Last year, we brought you news of Bombay’s oldest flower shop winding down business, thanks to its home on Bhandarkar Road becoming a redevelopment project. Another icon around the block shut shop for the same reason. However, early to rise as always, Mani’s Lunch Home has efficiently moved further east to Bombay’s other historic South Indian bastion, Chembur.
Something (we suspect the #CashCrunch) delayed the inauguration of the restaurant’s new location by over a month, but a New Year’s visit makes it clear that re-Mani-tisation is going pretty well. Indeed, Mr Narayanaswamy’s (vanishingly) minor-Art-Deco lettering and Sunmica-covered Matunga premises have given way to an aesthetic that can only be described as splashy.
The new Mani’s spells its name in blindingly golden letters, and inhabits a room full of natural light (never a lunch home specialty), as well as more fluorescent tube lights than we’ve seen since Diwali. It carries over its half-Malayali, half-Tamil aesthetic in bits and pieces — we’ve seen that replica elephant caparison before! — as symbols of its origins in Kerala’s Palakkad district, home among other things to the distinct food culture of the Tamil-speaking Palakkad Iyers.
The upgrade may be millennial, but Mr Narayanswamy and team will no doubt be pleased that his clientele appear to be almost entirely made up of the retired upper crust of Diamond Garden and Anushakti Nagar. When we visit on a weekday lunchtime, we are the worst-dressed among the throng of Mysore silks and superbly ironed collared t-shirts of Chembur’s genteel seniors, and no one will sit with us even though this Mani’s continues the Matunga tradition of table-sharing.
The upgrade may be millennial, but Mr Narayanswamy and team will no doubt be pleased that his clientele appear to be almost entirely made up of the retired upper crust of Diamond Garden and Anushakti Nagar.
The establishment’s fans will be pleased to learn that the menu is unchanged, as is the clean, earthy taste of their idli (full marks to the proportion of urad dal to rice in the batter, if you care), which many trusted connoisseurs used to rate as the finest in Matunga. We also try the sambar-rice, which will seem a shade too sour and thin if you’re used to the ghee-laden decadence of places like Café Madras, but is pretty much the real deal. Unlike some of its flashier former neighbours, Mani’s reputation is built almost entirely on the resistance of its food to change. Sure, the menu has a full complement of “variety” dosas and snacks, but if you really wanted an onion rava masala dosa, you can just go to Café Madras — or a Shiv Sagar.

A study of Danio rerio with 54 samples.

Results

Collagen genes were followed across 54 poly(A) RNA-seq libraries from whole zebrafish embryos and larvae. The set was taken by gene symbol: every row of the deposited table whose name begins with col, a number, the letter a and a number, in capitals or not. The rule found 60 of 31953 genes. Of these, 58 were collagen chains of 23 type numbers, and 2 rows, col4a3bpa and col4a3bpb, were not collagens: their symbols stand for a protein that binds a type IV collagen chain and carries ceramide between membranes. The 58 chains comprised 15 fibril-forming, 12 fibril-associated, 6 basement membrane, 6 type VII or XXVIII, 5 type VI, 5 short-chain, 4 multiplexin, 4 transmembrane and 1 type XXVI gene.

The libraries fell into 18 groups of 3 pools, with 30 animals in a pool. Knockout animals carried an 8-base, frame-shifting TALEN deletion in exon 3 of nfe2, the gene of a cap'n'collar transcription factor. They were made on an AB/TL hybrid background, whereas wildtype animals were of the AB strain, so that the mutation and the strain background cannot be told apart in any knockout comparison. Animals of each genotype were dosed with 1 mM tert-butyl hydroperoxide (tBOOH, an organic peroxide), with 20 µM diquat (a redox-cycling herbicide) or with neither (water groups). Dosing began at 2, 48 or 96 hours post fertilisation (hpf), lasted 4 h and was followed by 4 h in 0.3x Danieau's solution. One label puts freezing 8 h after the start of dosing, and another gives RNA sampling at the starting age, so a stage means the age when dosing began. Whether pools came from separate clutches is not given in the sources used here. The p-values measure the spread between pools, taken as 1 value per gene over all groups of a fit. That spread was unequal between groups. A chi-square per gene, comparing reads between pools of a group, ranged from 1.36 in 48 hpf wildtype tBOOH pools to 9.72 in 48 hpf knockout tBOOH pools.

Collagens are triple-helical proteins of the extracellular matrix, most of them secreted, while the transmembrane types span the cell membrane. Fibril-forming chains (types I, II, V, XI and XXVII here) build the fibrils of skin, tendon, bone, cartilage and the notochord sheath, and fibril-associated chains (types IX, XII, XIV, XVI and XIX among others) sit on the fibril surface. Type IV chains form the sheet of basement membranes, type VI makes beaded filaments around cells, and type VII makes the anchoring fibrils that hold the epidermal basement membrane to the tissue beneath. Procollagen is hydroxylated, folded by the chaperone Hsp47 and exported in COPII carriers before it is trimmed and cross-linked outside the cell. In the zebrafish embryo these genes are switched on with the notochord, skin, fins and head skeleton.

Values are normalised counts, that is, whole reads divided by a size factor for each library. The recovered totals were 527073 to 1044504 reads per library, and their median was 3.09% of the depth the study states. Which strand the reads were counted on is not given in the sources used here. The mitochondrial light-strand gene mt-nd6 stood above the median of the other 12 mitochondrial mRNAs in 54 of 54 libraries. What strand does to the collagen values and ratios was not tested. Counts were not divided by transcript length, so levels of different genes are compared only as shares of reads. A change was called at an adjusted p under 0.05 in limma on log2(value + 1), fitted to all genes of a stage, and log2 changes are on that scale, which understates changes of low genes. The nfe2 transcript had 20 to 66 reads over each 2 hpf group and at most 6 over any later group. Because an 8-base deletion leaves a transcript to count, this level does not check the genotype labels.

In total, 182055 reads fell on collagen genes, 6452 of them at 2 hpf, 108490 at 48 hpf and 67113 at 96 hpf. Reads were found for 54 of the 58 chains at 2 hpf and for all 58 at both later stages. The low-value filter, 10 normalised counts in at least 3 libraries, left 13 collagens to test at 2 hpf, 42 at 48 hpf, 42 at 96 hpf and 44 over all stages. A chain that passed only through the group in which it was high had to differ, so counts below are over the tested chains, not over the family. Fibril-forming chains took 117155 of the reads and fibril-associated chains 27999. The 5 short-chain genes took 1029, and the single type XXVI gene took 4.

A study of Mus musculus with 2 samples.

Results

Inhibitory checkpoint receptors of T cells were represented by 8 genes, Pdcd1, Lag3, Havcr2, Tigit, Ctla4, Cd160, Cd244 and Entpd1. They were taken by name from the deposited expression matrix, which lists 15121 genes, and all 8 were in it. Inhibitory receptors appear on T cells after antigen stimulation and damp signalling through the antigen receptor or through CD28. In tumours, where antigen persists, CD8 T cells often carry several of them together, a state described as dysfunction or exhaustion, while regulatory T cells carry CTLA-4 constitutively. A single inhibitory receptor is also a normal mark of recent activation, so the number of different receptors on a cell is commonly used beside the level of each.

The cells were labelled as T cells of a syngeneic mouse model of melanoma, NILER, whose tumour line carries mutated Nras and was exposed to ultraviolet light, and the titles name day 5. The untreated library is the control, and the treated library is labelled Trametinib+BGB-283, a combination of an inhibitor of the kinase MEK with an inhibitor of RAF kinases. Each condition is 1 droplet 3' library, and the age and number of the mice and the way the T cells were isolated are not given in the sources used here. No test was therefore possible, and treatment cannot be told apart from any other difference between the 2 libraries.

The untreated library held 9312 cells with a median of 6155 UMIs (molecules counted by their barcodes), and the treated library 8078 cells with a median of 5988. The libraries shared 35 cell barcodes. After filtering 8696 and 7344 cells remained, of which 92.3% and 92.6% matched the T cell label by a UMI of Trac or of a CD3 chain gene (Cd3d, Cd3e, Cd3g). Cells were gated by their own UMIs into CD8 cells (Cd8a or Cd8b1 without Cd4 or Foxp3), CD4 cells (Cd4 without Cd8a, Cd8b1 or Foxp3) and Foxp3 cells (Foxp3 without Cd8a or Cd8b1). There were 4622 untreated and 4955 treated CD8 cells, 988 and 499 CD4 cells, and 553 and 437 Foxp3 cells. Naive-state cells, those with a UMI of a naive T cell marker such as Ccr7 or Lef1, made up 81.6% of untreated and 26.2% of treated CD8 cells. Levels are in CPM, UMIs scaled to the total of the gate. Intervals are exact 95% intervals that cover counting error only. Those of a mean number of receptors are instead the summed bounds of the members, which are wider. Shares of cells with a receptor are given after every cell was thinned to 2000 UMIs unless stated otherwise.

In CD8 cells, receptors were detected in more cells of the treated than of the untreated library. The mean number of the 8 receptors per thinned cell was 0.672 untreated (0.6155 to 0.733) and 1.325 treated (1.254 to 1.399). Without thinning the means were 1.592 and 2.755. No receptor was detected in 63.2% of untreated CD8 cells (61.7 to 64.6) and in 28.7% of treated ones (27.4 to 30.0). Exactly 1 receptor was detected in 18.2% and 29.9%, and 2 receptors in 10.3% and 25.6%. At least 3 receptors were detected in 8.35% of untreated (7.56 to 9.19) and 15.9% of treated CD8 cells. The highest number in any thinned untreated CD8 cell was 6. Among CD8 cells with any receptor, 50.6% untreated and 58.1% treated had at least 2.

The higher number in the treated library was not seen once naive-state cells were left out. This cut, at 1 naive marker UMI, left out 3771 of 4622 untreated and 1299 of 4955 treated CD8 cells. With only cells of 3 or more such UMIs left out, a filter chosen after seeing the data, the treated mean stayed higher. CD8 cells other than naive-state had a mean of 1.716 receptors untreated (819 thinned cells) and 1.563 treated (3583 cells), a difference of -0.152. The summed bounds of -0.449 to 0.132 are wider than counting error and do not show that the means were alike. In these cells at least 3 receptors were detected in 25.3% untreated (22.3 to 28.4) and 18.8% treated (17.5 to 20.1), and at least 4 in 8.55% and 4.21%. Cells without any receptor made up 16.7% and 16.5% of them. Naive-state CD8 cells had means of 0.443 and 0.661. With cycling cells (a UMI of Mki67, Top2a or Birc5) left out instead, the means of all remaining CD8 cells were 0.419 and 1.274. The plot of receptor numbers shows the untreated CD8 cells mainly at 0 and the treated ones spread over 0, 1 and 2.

The thing is, the minute you sit down to a ‘meals’ thali at Mani’s Lunch Home you become a lonely South Indian bachelor, newly stepped off the train at Victoria Terminus at some point in the middle of the twentieth century. To welcome you to your harsh new environs and strengthen you for the sojourn ahead, the meal begins with two “chappatthys,” staple of the hardy north. A glass of flavoured buttermilk is thin, gingery and cold, but not too cold. Your bowl of vegetables is usually a thoran, dry and quickly cooked with mustard seeds and grated coconut.
The minute you sit down to a ‘meals’ thali at Mani’s Lunch Home you become a lonely South Indian bachelor, newly stepped off the train at Victoria Terminus at some point in the middle of the twentieth century.
A server watches your plate in discreet but hawkish fashion, waiting for the level of sambar or rasam in your bowl to dip so that he can dash out and top it up. The rice is pre-moulded into cakes for neater servings, and two of them will keep you going for the next twelve hours. Only an incongruously smooth, solid bowl of yoghurt, clearly dairy-bought, is a reminder of the outside. Speaking of which, that’s where you’re expected to be the minute you’ve stopped eating, with about a minute’s grace to wash your hands and pay the bill. The whole experience takes about fifteen minutes — a quarter of an hour in which you are utterly, contently at home.
To Mani’s credit, in spite of the coconut shavings floating in its sambar and rasam without its bottom layer of dal, the food still tastes like a grandmother might have made it. In spite of the gold lettering, the prices remain the same, too. In fact, it might be the only restaurant in Bombay where a grandma won’t be shocked at the bill. Don’t feel bad about splurging on the rava laddus at the sweets counter on the way out — at 20 rupees a pop for a fistful of crumbly sweetness, it’s just (sorry) Mani earned.
Getting there: Mani’s Lunch Home, Komal Building, Road 2, Chembur (E), call 25200201. A meals thali with unlimited sambar and rasam costs Rs 80; a special thali with dessert, served on a banana leaf, Rs 150.